How to Talk to Seniors about Falls

Some older adults may not want to admit to having experienced a fall for fear of losing independence or being removed from the home. Even the fear of falling can be, in itself, debilitating. It is important to help seniors understand that falls are not a normal part of aging and they can take steps to prevent falls by improving balance, increasing leg strength, improving flexibility and identifying hazards in the home.  

Screening Tools

STEADI - Stopping Elderly Accidents, Deaths and Injuries tool kit: CDC’s Injury Center created this tool kit for health care providers who see older adults at risk of falling or who may have fallen in the past.

Healthcare Professional Guidelines

American Geriatric Society - Clinical Practice Guideline: Prevention of Falls in Older Persons (website)

American Geriatric Society Beers Criteria: The criteria have been developed to improve care for all ambulatory and institutionalized adults 65 years and older by reducing exposure to medications that are potentially inappropriate medications for older adults. (PDF)

Hospital Tools

American Hospital Association Hospital Engagement Network – Injuries from Falls and Immobility (website)

Agency for Healthcare Research and Quality - Preventing Falls in Hospitals: A Toolkit for Improving Quality of Care (website)

Nursing Home Tools

Agency for Healthcare Research and Quality - The Falls Management Program: A Quality Improvement Initiative for Nursing Facilities (PDF)

Community Outreach

The STEADI toolkit is a great resource for anyone who works with older adults and is concerned about falls. The toolkit can be used to set up a screening or event to increase public awareness on fall prevention. Although the toolkit is advertised for providers, there are pieces that can be used by anyone who works with seniors, such as activity and wellness directors, civic and tribal organizations, churches and other faith-based organizations, injury prevention coordinators, senior community administrators, therapists (PT / PTA, OT / COTA) and other community health workers.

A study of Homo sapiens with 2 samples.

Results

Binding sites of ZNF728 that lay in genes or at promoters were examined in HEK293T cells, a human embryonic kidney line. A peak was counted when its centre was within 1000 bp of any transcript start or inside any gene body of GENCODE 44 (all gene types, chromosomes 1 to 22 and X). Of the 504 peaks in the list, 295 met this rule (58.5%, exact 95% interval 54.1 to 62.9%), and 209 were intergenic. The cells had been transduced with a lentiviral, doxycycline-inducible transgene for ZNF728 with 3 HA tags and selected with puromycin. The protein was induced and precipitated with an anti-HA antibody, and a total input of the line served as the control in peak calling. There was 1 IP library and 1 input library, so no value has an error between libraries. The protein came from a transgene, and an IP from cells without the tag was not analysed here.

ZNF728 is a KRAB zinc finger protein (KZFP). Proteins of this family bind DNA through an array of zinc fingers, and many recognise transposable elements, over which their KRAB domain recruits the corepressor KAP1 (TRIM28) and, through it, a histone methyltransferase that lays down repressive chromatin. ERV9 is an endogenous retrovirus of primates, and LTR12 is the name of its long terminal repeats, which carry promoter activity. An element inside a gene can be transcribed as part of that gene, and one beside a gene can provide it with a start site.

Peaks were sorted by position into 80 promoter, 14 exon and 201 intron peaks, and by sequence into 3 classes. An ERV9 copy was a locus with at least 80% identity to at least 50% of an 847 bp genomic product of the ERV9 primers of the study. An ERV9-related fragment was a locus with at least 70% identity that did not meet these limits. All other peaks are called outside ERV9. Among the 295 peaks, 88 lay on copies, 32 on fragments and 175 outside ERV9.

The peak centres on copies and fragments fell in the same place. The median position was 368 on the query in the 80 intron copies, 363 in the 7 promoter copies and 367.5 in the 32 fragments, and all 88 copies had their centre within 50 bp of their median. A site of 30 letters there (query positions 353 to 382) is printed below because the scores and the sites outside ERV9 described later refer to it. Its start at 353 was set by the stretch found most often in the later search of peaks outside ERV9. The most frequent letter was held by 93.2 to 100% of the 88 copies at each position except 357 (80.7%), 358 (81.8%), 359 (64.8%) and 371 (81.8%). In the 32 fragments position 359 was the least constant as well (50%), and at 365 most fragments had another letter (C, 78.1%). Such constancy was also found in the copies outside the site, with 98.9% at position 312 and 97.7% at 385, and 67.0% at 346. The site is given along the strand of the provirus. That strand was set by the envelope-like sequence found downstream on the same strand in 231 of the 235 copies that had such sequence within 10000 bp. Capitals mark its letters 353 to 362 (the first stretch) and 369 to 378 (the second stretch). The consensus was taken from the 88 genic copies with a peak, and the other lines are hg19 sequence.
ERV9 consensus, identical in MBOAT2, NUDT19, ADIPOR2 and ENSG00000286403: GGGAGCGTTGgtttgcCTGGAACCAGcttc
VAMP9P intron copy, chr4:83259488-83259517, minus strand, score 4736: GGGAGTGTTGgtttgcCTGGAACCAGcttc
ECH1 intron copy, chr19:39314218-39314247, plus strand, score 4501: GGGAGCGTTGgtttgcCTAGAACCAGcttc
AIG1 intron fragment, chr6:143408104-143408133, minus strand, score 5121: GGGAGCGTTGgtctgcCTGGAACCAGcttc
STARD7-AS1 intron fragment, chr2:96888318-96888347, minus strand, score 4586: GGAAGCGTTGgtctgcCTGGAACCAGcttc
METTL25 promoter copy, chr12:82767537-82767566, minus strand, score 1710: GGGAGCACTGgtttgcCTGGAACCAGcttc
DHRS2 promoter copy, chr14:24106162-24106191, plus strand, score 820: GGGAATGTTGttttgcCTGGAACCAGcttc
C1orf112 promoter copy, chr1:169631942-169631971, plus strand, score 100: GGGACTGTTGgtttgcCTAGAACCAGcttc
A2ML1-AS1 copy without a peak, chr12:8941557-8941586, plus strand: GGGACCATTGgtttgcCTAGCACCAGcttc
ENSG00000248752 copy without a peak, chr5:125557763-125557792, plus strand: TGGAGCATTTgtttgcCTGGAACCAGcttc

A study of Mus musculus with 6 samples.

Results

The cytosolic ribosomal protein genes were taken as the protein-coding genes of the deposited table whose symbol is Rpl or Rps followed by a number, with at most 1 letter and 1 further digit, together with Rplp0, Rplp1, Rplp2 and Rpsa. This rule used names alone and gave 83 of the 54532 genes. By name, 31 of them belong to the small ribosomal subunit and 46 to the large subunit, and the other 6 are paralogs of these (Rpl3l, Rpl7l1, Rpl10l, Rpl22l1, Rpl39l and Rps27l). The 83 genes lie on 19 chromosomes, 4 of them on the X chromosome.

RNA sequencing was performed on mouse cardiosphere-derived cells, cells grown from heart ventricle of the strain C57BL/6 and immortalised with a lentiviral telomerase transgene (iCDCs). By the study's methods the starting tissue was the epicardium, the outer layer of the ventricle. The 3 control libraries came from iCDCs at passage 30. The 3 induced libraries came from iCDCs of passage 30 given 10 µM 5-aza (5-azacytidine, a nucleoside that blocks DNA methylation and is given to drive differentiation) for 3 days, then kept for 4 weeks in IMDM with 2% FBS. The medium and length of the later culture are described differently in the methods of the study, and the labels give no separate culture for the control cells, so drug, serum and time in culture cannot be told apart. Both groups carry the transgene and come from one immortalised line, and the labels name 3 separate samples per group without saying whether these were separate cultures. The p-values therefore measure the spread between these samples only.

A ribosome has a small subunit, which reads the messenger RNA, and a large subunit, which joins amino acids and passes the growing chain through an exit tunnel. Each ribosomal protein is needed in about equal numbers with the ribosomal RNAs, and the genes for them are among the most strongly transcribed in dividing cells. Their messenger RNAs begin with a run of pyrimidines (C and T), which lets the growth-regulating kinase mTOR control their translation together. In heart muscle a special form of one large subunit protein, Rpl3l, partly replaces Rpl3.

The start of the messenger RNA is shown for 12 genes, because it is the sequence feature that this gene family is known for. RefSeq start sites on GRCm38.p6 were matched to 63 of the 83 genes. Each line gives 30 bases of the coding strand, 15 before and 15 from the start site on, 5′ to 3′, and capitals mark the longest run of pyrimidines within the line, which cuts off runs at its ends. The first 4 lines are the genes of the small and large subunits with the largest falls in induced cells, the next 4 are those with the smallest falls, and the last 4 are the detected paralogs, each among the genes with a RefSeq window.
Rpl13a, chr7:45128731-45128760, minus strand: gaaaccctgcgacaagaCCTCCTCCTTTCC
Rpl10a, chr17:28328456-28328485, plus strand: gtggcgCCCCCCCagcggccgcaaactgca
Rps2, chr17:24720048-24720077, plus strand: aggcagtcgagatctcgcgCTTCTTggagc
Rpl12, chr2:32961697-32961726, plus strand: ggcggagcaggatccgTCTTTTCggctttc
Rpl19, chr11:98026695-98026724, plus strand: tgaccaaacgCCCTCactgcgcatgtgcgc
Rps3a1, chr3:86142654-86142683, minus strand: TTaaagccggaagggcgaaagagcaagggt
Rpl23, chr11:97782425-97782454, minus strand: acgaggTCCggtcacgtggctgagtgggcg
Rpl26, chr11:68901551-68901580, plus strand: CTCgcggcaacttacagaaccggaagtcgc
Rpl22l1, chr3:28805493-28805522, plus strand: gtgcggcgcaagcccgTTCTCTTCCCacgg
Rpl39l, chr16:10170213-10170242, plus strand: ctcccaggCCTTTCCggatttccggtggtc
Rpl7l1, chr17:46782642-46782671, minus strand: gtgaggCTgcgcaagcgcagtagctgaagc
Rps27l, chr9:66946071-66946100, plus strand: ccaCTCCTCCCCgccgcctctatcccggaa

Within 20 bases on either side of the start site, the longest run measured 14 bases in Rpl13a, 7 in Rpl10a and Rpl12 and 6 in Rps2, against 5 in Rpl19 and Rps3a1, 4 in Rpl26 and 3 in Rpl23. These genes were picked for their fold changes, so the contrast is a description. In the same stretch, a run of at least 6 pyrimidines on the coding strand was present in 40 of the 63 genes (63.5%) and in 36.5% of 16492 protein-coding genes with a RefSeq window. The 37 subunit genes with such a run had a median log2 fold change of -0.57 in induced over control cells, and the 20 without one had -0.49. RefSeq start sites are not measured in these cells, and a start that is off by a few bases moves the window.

STEADI Tool Kit for General Community Outreach

Fall Risk Checklist (PDF brochure) - To be filled out and kept by the participant, who can then share the information with their health care provider.

Screening Tools (website) - Instructional documents and videos are available for each STEADI screening tool.

How to Use the STEADI Tool Kit and Screening Tools for Data Collection

Obtaining funding can be a challenge for prevention and wellness programs. Data collection is an invaluable tool used to demonstrate efficacy of a program. The following is a recommendation on how to use the STEADI toolkit for data collection:

1. Prior to beginning a program, gather participants who will commit to the length of the program.

2. Perform a pre-program balance test (i.e., STEADI Toolkit). Record the results.

3. Keep a log (or sign in sheet) to document frequency of participation.

4. Perform a post-program balance test using the same balance tests used in the pre-program test. Record the results.

5. Not only can participants see and compare the results, the outcome data can be used to justify program support.

Sample Documents for Data Collection: Demographic and Data Collection (PDF) - This sample shows a simple spreadsheet with demographic data as well as the areas to record the results of the screening.

Summary Report (PDF) - This sample shows a summary of how the data can be utilized in a report.